A two-dimensional extensible bus technology and protocol for VLSI processor core : a thesis presented in partial fulfilment of the requirements for the degree of Master of Engineering in Computer and Electronic Engineering at School of Engineering and Advanced Technology, Massey University, Albany, New Zealand
Intellectual property (IP) core design modularity and reuse in Very-Large-Scale-Integration (VLSI) silicon have been the key focus areas in design productivity improvement in order to shorten product development lead time as well as minimize design error on new product . The System-On-Chip (SoC) design approach has been adopted in microprocessor design flow with many functional blocks reuse in silicon. SoC has the advantage of cost efficiency and higher fabrication yield. The fundamental building block of SoC is the interconnection of intellectual property (IP) core through a shared bus to establish an on-chip communication. As IP core integration is severely constraint by silicon wafer sizes (cost per die), the right level of integration is never an easy decision. System-in-Package (SiP) addresses this drawback with package level IP core integration. However, SiP has the drawback of lower fabrication yield which results in higher manufacturing cost . In order to address these issues, a new level of integration has been suggested in order to reduce the drawbacks of SiP and SoC approaches. This new integration methodology is also known as System-in-System (SiS) which emulates SoC and SiP at the system level.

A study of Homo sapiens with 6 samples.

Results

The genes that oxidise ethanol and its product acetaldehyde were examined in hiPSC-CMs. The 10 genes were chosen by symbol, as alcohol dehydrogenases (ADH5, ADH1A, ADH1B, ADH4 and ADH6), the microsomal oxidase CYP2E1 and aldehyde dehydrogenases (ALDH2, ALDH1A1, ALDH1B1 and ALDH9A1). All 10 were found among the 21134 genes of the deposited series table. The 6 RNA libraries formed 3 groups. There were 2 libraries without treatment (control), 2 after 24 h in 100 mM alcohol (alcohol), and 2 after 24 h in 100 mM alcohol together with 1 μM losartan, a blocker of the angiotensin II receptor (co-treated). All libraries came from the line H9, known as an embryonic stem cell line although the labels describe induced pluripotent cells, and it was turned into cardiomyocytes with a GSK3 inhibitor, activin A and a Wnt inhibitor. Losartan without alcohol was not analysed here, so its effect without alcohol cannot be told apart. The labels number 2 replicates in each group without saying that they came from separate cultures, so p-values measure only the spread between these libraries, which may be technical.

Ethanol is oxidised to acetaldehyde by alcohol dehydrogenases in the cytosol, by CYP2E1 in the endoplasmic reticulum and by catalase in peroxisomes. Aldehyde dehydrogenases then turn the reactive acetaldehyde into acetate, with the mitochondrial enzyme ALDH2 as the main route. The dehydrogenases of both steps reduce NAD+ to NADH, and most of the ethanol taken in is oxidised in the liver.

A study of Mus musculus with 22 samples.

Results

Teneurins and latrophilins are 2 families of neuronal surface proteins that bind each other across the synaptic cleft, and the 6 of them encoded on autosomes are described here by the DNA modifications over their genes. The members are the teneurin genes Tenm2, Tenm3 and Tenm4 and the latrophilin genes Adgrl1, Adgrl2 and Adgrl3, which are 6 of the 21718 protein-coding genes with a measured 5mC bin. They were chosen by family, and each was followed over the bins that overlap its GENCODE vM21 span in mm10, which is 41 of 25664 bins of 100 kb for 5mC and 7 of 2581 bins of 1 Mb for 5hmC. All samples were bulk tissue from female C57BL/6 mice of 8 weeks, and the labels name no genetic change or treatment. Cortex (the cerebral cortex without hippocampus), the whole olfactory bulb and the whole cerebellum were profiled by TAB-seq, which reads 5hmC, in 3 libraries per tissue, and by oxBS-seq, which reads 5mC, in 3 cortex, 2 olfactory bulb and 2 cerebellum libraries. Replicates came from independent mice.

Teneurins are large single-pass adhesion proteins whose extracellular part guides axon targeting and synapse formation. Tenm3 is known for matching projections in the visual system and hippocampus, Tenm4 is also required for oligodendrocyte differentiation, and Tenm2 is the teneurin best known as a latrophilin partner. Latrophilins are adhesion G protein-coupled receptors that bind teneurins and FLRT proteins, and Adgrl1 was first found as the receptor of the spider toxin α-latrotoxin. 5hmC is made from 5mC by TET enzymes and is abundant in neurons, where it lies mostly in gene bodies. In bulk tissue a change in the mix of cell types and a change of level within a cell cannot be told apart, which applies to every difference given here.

The thesis contains a detailed treatment on the processor architecture and SoC used. The design methodologies have been discussed too.
The thesis also contains treatment on the verification methodologies and technologies that are used in design validation.
Research includes the design of two dimensional XBUS system for external IP core integration on SoC. The thesis proposed a system level bus for IP integration through the XBUS. As there are multiple ways of integrating IP core at the system level, the XBUS is limited to two channels (hence two dimensional) in order to simplify implementation complexities.
Based on experimental results, the proposed method can be introduced as a very promising method for the design of SoC and various other high-performance computer systems.